Every garden should be a rose garden.

Roses have a reputation as finicky plants that need more attention than a two-year-old, but when you plant the right roses in the right place they flourish in your garden, and the care you give them is repaid generously — with more flowers than you can count, and plenty of old-fashioned garden romance.

One hard-working rose bush is a good thing, but you needn’t limit yourself — it might be just the beginning. Michael Marriott, a garden designer with David Austin roses, recommends making room for bold groups of roses that will stand out in a flower bed among annual and perennial flowers. When he designs gardens, he might choose one spectacular rose for a small flower bed, or a cluster of 10 roses in a very large mixed border. The shimmering apricot blooms of ‘Abraham Darby’, which grows up to five feet tall, will not get lost among flowers in a mixed bed; crimson ‘Darcy Bussell’ is more compact and appropriate even for a flower pot.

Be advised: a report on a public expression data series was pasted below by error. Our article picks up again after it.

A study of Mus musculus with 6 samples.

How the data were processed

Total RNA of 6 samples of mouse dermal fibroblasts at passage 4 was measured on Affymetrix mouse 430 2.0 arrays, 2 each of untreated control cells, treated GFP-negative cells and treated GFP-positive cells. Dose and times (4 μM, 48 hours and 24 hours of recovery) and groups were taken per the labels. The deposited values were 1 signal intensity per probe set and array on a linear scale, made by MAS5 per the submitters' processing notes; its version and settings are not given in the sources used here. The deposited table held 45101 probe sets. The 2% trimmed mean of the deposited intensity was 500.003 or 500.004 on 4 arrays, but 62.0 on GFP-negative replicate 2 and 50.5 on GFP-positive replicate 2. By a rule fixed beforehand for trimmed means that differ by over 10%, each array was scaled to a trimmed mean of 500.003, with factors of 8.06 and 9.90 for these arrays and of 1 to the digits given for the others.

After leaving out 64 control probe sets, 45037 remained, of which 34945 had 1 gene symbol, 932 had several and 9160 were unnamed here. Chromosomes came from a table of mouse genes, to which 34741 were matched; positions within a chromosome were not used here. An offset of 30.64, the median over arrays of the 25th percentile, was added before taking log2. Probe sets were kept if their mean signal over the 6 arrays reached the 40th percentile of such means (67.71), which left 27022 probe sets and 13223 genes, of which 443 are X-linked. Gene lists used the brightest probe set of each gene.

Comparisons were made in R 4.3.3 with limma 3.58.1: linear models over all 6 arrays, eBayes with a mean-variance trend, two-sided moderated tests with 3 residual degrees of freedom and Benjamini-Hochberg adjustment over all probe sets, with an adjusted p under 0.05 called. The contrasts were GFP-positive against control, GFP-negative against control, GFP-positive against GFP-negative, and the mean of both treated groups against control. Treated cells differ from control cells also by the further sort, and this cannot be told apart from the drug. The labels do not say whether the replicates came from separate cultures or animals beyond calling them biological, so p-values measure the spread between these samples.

“My golden rule is to plant something wildish with roses,” Marriott says. Verbascum, foxgloves, and other tall, spiky plants are classic companions for roses. Roses are also pretty with eryngium (sometimes called sea holly), which has striking round flowers surrounded by bristling collars. Roses look stylish with bold clumps of ornamental grasses, and they have classic charm in herb gardens. The handsome yellow ‘Graham Thomas’ will clamber gracefully along a fence rail; ‘Claire Austin’ can be trained up a trellis or over an arbor.

Let new roses have a little bit of extra space to grow for their first year or two, and then you can let annuals and perennials jostle them a little. Try roses with geraniums, dianthus, asters, daisies, or dahlias — mix it up a little. “That’s the fun part of gardening,” Marriott says.

Read the next Article: Growing Strawberries


  • Of all the summer crops, with the possible exception of okra, eggplant is the most finicky when it comes to temperature. The plants simply refuse to tolerate cool weather. Plants set out too early grow slowly, can be stunted, and usually produce smaller yields. If you really want eggplant to thrive, don't be in a hurry to get them in the ground. Wait until about a month after your last spring frost, preferably until overnight temperatures stay in the 60s. Generally, the later you wait the better the production.